Lanai has an undeserved reputation for being hard to get to. It’s true, there is no direct service to Lanai from the continental United States, but if you fly into Honolulu International Airport (HNL) or Kahului Airport (OGG) in Maui (both major hubs), you can connect to several local airlines that fly to Lanai Airport. Flights are on small planes that typically carry less than a dozen passengers and offer stunning views of Hawaii’s coastline.
I’m also a huge fan of the Expeditions passenger ferry that runs between Maui’s Lahaina Harbor (the boat departs steps from Lahaina’s Massive Banyan Tree) and Manele Harbor on Lanai. The ferry offers its own spectacular island views and during whale season, approximately December through May, you’ll likely spot humpbacks during the 45-minute voyage.
When compared with Maui, Oahu, Kauai and the Big Island, accommodation options will seem limited, but don’t let that rule out a stay on Lanai. Along with a handful of bed and breakfasts, Lanai has three hotels, two of which are part of the Four Seasons brand. The trio of hotels is owned by Larry Ellison, billionaire cofounder of software giant Oracle. Ellison owns 98 percent of the island.
Hotel Lanai was built in the 1930s as lodging for Dole pineapple plantation executives; today, the Lanai City property features 11 guest rooms. Adults-only Sensei Lanai, A Four Seasons Resort is only an option if your kids are 16 or older.
However, when planning a vacation the entire family will enjoy, the best option is without a doubt the Four Seasons Resort Lanai. Located on the island’s southeastern coast, overlooking a protected marine preserve, Hulopo’e Bay (and neighboring islands Maui, Molokai and Kahoolawe), the Four Seasons Resort offers a stunning location that wows guests from the moment they arrive.
Kids could easily spend all day at the lagoon-style pool that overlooks the ocean. Doting staff ensure there are always sunscreen and dry towels when needed. A second, adults-only pool offers a spot for parents to unwind when their kids head off to the property’s supervised children’s program, Kids for All Seasons.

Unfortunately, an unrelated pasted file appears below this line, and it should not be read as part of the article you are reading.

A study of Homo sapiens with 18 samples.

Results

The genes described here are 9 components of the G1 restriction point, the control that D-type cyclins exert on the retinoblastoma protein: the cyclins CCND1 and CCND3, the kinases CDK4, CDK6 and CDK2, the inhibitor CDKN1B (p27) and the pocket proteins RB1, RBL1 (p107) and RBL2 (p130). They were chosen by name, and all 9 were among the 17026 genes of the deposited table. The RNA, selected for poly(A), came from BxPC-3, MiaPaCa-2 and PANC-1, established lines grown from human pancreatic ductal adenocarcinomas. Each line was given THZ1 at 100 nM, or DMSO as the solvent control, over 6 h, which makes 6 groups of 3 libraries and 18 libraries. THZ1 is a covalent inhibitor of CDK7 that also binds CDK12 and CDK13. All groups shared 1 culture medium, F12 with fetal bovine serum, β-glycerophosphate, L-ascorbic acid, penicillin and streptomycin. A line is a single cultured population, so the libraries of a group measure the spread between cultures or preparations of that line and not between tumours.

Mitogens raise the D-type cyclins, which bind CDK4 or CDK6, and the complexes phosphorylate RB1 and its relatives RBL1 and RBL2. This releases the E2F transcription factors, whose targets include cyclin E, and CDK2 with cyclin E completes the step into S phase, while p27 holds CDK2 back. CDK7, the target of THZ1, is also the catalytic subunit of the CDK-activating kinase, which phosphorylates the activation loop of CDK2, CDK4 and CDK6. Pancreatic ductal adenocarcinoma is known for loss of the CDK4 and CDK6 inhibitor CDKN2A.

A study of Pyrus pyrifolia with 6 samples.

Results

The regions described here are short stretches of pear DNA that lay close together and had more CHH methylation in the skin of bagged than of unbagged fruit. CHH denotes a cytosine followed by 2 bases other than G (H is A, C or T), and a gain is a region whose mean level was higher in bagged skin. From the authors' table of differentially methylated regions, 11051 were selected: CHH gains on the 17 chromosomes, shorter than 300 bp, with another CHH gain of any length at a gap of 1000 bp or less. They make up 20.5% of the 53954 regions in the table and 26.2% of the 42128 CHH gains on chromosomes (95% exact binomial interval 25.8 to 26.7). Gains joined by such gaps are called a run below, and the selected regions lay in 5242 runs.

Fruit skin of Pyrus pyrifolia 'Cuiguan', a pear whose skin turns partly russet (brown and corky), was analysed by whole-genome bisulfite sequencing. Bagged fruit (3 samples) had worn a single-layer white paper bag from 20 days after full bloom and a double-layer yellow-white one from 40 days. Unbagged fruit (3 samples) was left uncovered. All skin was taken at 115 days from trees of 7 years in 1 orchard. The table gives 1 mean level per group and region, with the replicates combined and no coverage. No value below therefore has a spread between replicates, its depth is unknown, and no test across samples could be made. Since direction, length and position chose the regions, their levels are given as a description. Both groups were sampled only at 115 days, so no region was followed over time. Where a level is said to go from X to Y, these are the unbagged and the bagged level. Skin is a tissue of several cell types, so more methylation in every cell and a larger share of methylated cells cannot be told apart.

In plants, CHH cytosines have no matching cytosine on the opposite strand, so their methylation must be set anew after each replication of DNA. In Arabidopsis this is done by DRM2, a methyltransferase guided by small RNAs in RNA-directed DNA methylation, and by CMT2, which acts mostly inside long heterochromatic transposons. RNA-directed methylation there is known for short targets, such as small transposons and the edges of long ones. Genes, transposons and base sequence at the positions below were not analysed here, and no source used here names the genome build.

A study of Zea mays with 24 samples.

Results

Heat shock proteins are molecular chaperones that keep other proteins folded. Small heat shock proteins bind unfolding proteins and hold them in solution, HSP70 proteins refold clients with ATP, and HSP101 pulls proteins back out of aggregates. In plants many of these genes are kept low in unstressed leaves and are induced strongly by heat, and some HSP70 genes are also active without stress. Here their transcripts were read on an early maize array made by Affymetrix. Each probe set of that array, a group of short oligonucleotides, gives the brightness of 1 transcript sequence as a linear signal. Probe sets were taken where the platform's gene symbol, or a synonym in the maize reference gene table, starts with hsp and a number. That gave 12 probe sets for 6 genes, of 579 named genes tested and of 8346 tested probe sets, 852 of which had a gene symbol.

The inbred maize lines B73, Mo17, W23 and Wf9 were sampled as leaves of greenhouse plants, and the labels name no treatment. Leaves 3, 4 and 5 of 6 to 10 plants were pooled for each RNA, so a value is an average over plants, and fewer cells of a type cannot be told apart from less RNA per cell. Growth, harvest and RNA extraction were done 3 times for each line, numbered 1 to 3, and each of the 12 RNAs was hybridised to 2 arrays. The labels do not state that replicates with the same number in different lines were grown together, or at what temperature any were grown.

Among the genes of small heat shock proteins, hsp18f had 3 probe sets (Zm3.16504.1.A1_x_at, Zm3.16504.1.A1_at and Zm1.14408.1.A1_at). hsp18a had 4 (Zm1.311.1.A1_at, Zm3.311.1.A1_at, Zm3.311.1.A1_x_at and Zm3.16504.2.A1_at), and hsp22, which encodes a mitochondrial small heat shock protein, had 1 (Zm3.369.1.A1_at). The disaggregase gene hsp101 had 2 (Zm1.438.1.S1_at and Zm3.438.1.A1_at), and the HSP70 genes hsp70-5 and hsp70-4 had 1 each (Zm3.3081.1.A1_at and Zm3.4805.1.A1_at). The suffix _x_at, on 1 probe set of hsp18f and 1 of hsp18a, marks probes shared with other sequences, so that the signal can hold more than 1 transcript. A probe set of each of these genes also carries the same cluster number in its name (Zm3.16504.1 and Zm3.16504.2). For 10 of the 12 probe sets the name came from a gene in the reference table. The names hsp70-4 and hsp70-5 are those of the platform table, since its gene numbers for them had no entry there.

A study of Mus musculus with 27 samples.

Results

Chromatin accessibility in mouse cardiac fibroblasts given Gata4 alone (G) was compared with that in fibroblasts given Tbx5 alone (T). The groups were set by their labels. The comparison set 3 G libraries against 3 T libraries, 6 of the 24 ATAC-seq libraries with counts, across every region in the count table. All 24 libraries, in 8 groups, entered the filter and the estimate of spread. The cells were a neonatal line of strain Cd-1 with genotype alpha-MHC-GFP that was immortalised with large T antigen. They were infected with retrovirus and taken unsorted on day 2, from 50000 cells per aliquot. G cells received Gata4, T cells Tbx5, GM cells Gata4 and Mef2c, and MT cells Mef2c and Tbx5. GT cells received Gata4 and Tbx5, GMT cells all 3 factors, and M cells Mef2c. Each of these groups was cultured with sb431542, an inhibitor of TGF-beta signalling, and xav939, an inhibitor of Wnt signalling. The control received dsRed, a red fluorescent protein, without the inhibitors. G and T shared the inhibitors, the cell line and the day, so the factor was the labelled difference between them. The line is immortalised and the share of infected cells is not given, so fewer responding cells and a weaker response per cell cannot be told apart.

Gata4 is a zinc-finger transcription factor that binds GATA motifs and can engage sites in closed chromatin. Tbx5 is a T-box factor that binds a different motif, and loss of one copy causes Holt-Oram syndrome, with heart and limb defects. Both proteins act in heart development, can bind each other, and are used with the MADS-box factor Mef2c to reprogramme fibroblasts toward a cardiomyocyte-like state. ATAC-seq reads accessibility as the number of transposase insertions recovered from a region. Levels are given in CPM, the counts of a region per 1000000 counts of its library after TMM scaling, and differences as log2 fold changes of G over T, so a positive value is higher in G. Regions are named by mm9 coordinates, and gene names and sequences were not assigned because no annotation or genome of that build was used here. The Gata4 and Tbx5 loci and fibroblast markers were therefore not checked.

If you can make it through the pool area with the kids, Hulopo’e Bay is just steps away. For a majority of the year, this stretch of blue water and soft white sand is the primo beach spot on the island for swimming and snorkeling. Everything you need — from umbrellas and lounge chairs to sunscreen — will be waiting. Be on the lookout for Acrobatic spinner dolphins. They like Hulopo’e Bay too! And as an added perk, yoga is offered on the beach most mornings.
A number of trails can be easily accessed from the resort. Take advantage of jet lag and make the sunrise walk just past Hulopo’e Bay beach to Puupehe or Sweetheart Rock. Look and listen for the moaning of uau kani (wedge-tailed shearwater) seabirds nesting at the natural landmark. According to Hawaiian folklore, a warrior leapt from the top of Sweetheart Rock and took his own life after his lover drowned during a storm.
The resort is designed so there’s really no need to ever have to leave. In addition to a spa with eight treatment rooms and an assortment of fitness offerings, there are a handful of restaurants to choose from: quick and easy grab-and-go offerings at The Break; casual poolside dining at Malibu Farm; steak and seafood at One Forty; and Japanese at Nobu Lanai. However, the Four Seasons Love Lanai Experiences make it easy to do some exploring during your family’s time on the island. The newly opened Lanai Observatory offers a tour of the night sky, and staff share stories that offer an understanding into how Polynesians used the stars to navigate across the Pacific Ocean.
Horseback riding offers the chance to traverse wooded valleys and remote trails. Snorkeling, sailing and scuba excursions are available for those wishing to maximize time on the water. There’s even an adventure park with obstacle courses and zipline adventures for kids ages four and up.
Frequent shuttles from the Four Seasons Resort make the trip to the charming plantation town of Lanai City. Here you’ll find a handful of shops, restaurants and Dole Park, a town square of sorts that boasts a large grassy field and small playground.
If exploring solo is a priority for your family, be sure to rent a jeep or similar four-wheel-drive vehicle. Driving here is distinctly different than on all of the other Hawaiian islands. Lanai has 400 miles of road, but only 30 are actually paved, and there are no traffic lights.
Kaiolohia, or Shipwreck Beach, is roughly a 30-minute drive from Lanai City. Numerous ships, including a still-beached oil tanker from the 1940s, have met their fate along this eight-mile sandy stretch.
To show the kids how rugged and remote parts of the island can be, visit Keahiakawelo. Sometimes referred to as the Fire of Kawelo or Garden of the Gods, the desolate but very photogenic rock garden, about a 45-minute drive from Lanai City, looks and feels like another planet.
Editor’s Note: For review purposes, Dana’s stay was organized by the Maui Visitors & Convention Bureau. As always, our opinions are our own on Ciao Bambino. Photos by Dana Rebmann.